All a-Twitter? Not.
There's far more noise than news behind all those tweets
The pope doesn’t. The Dalai Lama does.
Jon Stewart doesn’t. Conan does.
Eat meat? Go to church on Sunday? Work for a living? No, the operative verb is tweet.
Twitter, the inane “news’’ feed favored by slackers too lazy to read any message that doesn’t fit on the back of their hand, made big news last week in Los Angeles, Moscow, and beyond. In LA, the visiting Dalai Lama joined the nominally social network and quickly attracted more than 100,000 followers. Deposed talk show host Conan O’Brien, with time hanging heavy on his hands, likewise fired up a Twitter feed. In the same week First Twitterer Ashton Kutcher (4.5 million followers and counting) showed up in Moscow trying to sell twitternet snake oil to the Rooskies.
Who knows? Maybe they’ll take to it. They bought in to McDonald’s, and into a corrupt, capitalist-style stock market. I’d pay a few kopecks to read Vladimir Putin’s tweets: “Killed another journalist today. Talk about punkin’!’’
Yes, slings and arrows people, I have a Twitter account, which I activated when I was covering last fall’s Senate primaries. Each candidate tweeted, and every 140-character transmission was stone-dead moronic and useless. If there were a prize for wasting bandwidth, gajillionare
I have never knowingly tweeted, and to my 18 loyal followers I say: Don’t wait up. The Globe maintains a Twitter feed for my columns which recently attracted this e-mail: “Fungie the Dolphin would like to follow your tweets.’’ Well, it’s a free country.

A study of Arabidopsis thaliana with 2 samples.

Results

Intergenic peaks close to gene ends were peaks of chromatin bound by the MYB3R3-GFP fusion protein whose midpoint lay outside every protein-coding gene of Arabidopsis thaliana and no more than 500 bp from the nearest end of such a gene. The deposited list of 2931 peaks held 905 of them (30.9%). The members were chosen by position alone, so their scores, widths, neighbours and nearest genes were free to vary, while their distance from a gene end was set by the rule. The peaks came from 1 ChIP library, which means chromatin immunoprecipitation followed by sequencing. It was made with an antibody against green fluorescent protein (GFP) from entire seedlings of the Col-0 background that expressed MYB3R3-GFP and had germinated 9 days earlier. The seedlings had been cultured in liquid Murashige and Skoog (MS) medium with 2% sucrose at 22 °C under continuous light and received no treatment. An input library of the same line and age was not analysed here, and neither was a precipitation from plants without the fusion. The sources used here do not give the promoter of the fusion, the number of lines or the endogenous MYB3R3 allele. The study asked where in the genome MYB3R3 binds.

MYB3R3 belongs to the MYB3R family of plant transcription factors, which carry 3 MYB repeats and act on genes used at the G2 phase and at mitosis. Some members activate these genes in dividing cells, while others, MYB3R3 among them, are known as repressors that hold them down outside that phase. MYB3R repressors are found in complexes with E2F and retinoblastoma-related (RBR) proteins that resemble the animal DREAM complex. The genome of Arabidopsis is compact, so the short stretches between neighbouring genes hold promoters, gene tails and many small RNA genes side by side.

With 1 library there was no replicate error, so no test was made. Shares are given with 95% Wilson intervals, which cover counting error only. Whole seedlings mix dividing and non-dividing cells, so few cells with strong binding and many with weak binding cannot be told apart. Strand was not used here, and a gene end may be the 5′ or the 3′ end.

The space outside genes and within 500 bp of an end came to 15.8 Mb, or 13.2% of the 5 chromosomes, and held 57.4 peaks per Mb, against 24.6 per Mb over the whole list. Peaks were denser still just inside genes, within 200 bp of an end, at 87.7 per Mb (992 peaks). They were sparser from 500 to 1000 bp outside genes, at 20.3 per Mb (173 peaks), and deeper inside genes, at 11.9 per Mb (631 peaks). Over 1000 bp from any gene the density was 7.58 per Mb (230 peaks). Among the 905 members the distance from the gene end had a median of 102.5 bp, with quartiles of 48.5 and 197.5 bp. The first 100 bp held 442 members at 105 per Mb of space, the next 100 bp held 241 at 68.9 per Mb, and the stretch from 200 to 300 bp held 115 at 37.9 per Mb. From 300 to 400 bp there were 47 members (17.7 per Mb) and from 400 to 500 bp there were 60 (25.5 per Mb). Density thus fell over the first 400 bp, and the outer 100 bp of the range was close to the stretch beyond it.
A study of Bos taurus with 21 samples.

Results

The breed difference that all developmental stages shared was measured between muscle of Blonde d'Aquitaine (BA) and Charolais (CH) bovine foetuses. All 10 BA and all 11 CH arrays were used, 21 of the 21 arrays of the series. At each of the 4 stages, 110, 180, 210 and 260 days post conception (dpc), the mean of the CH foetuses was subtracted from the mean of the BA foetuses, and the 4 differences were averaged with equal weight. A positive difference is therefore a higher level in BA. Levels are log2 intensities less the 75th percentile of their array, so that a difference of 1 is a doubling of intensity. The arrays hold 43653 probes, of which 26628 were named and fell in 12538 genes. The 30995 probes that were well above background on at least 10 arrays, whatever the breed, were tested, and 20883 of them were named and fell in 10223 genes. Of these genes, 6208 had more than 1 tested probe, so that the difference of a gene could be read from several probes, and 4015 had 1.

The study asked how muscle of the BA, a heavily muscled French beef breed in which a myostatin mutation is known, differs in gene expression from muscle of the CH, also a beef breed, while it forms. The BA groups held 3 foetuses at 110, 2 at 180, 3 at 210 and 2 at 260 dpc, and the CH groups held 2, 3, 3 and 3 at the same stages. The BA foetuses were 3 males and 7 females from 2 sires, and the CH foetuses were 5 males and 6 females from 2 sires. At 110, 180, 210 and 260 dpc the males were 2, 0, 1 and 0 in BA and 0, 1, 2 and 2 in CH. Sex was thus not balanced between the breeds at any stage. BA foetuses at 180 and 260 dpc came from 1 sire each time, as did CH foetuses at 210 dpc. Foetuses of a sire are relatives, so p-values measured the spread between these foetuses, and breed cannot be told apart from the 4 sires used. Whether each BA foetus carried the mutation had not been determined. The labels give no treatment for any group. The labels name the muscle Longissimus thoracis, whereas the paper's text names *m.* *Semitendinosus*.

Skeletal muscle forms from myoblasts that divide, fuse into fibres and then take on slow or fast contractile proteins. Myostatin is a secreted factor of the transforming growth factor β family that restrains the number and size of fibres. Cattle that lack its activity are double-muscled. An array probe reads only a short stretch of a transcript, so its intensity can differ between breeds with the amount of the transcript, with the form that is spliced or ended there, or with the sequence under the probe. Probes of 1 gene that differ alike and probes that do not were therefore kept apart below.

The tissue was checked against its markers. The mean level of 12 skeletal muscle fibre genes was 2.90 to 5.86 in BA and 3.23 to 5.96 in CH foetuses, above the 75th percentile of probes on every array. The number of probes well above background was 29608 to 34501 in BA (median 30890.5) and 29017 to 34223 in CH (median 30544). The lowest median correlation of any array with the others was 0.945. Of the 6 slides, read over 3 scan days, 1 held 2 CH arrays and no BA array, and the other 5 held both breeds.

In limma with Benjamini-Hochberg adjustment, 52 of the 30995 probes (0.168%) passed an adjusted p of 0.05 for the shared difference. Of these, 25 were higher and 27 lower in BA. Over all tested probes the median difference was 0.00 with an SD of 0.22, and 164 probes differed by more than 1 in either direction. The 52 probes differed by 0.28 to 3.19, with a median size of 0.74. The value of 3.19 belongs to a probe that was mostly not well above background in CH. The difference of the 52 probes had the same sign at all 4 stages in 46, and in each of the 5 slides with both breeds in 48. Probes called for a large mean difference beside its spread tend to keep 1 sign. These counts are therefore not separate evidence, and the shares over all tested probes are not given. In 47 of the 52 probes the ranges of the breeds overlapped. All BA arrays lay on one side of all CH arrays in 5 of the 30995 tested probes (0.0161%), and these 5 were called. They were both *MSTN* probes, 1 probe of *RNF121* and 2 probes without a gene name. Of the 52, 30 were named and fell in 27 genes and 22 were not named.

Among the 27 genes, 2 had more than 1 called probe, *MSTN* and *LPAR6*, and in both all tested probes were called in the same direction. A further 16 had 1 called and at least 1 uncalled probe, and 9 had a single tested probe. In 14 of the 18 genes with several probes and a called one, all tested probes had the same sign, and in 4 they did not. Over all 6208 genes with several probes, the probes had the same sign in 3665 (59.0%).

Who are the Twissidents? We are a motley crew: Maureen Dowd, Hugo Chavez, and Keira Knightley have all dumped on Twitter, and the Westboro Baptist Church has gone so far as to picket Twitter headquarters in San Francisco. The WBC, alas, is a famous hate group that despises everything and everybody. As Winston Churchill famously remarked about opposing Communism, sometimes your allies are more embarrassing than your enemies.
What is my beef? One complaint is the utter fakeness of it all. Barack Obama has a Twitter feed with several million followers, but of course it’s just PR rubbish flacked by Organizing for America, the phony “grass roots’’ pressure group/spam-masters extraordinaire who helped propel Scott Brown to his Senate victory. I was interested to note that Stephen Hawking has a Twitter account. Ooops! He doesn’t. “I have just spoken to Prof. Hawking,’’ his personal assistant e-mailed me from Cambridge, England, “who has confirmed that he has never used Twitter, so, you have some fraudulent ‘Stephen Hawkings’ (several I believe) tweeting away.’’
Twitter is part of the Big Noise, the impressive arsenal of mass distraction that reduces citizens to “followers’’ of pre-packaged political, commercial, and “spiritual’’ messages. The Big Noise is what distorts the tiny signal, the kernel of truth, or relevance. The Olympics have become the Big Noise, with promotion and advertising drowning out genuine moments of sportsmanship and competition. Where the Visa commercials end and the Games begin is beyond me.
I admire Internet dissident Jaron Lanier’s take on the “free’’ service of Facebook, and I think his remarks apply to Twitter as well: “The real customer is the advertiser of the future, but this creature has yet to appear. . . . [The whole artifice] is just bait laid by the lords of the clouds to lure hypothetical advertisers - we might call them messianic advertisers - who might someday show up.’’
Apple Computer; the pope; Jon Stewart; me. None of us tweets. We’re doing fine. Turn down the noise.